Private sector credit grew 0.4% in January, which saw annual growth pick up to 4.1%, its strongest pace in 17 months.
Despite the pickup, credit growth is still well-contained and annual growth is well below its long-run average.
Growth in housing credit continues to lead the charge, and point to ongoing momentum in the housing market.
"Other personal" and business credit growth remain subdued, rising 0.1% and 0.2% respectively in January, but annual growth rates are lifting. With interest rates likely to remain low for some time, we expect credit growth to gradually pickup further.
The US stockmaket gained ground although geopolitical concerns, given developments in the Ukraine, limited the move.
US economic data released on Friday night was mostly upbeat, boosting investor sentiment. The S&P 500 hit a record high earlier in the day. The Dow and the S&P 500 gained 0.3% on Friday.
US government bonds were little changed, edging lower at the long end (yields up slightly) on improved risk appetites, but retracing most of the move as news of Russian incursions in Crimea unfolded. The move higher in
US bonds is likely to continue on risk aversion, given these geopolitical concerns.
Australian three-year government bond yields (implied by futures) traded between 2.86% and 2.89%. The 10-year yield initially rose from 3.97% to 4.02%, but completely retraced into the close.
The Australian dollar opened weaker this morning, dipping below 89 US cents as concerns about developments in the Ukraine over the weekend weighed on risk appetites.
The Aussie dollar was also sharply weaker versus the Yen, which benefited from safe haven flows.
The Yen also appreciated versus the US dollar. The New Zealand dollar gained on Friday following the release of upbeat business confidence data, although it later retraced those gains on reduced risk appetites.
The Euro gained ground, despite developments in the Ukraine, with higher than expected inflation numbers dimming expectations of a rate cut from the ECB this week.
The gold price slipped as equity market gains reduced safe haven demand, although geopolitical concerns could see that reverse. The oil price rose on talk of fewer shipments from North Dakota, although the move was limited with concerns about the impact on oil demand of slower growth in China.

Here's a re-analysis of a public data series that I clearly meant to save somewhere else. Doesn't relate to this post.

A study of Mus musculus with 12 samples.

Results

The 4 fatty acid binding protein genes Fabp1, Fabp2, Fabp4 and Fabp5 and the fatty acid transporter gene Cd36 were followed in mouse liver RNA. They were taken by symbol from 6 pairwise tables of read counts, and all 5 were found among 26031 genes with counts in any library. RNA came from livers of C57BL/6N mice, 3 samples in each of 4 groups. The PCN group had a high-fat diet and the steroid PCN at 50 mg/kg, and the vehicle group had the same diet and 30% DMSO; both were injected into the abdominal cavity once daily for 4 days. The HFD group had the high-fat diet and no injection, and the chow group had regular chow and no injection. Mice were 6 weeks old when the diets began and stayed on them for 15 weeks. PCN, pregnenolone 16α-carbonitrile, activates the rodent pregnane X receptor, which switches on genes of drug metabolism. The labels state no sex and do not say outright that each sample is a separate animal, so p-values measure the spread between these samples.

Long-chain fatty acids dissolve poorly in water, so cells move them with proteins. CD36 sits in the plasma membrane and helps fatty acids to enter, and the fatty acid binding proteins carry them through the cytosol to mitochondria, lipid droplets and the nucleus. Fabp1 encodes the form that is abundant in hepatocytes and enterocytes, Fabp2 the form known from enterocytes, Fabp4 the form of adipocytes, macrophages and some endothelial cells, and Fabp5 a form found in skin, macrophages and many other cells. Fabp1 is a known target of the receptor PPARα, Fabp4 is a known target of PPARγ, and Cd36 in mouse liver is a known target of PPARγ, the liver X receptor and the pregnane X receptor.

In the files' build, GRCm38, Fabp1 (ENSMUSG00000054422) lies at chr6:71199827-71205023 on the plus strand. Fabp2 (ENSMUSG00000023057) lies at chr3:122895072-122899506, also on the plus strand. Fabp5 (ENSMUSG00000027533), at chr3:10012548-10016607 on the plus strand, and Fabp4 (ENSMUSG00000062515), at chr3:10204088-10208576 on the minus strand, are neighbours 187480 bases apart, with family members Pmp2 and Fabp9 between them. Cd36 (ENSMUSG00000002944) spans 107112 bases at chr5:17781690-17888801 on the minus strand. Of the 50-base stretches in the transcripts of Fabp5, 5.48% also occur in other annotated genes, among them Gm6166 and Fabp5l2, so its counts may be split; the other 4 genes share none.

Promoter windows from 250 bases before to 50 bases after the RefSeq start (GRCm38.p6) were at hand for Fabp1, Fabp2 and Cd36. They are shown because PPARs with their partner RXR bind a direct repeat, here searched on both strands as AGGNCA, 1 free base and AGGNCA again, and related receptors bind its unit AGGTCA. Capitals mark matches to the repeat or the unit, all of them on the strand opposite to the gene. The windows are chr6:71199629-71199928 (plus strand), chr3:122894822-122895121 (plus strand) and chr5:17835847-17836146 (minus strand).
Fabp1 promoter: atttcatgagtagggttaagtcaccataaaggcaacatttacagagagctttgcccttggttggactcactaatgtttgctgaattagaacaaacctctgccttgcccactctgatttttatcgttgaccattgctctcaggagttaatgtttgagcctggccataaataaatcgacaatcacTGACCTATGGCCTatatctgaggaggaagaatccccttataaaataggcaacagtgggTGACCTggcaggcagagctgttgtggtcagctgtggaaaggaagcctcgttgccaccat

The manufacturing PMI was a little stronger than consensus expectations, falling to 50.2 in February, from 50.5 in January (but compared to expectations for a decline to 50.1).
The reading remains above 50 indicating China's manufacturing activity continues to expand, although at a less rapid pace than in January.
The Euro zone flash CPI was unchanged at 0.8% in the year to February, and the core rate rose further from 0.8% in the year January to 1.0% in the year to February.
The jobless rate was steady at 3.7% in January at a six-year low. Meanwhile, the job-to-applicant ratio increased to 1.04 the highest since August 2007, indicating a greater availability of jobs.
Retail sales rose a solid 1.4% in January, taking annual growth to 4.4% in the year. The surge is likely to be temporary ahead of a sales tax hike in April.
Industrial production rose 4.0% in January the second consecutive monthly increase. The data points to stronger momentum in the Japanese economy, but the test will come after the sales tax hike takes effect on 1 April.
The national headline CPI rose 1.4% in the year to January, while core prices (excluding fresh food) rose 1.3% in the year to January. It was the eighth consecutive month of annual increases in the headline rate, providing greater assurance that Japan's days of deflation are behind it.
Building permits fell 8.3% in January, following a 7.1% increase in December. Despite the fall, approvals for January were 24% higher than a year ago.
Business confidence rose from 64.1 to 70.8 in February, the highest in nearly 20 years. The high level of business confidence has been supported by rising dairy prices and growing momentum in economic activity.
It further cements expectations the RBNZ will hike its official cash rate soon.
US GDP growth was revised down from 3.2% annualised to 2.4% in the second estimate for Q4 2013. The main drivers of the revision were personal consumption (contribution cut by 0.5 percentage points, half of that due to a lower durables spending estimate) and net exports and inventories, both shedding about 0.3 percentage points of their advance reported contribution.
Business spending on equipment and software was revised up increasing investment's contribution to the GDP bottom line by 0.4 percentage points.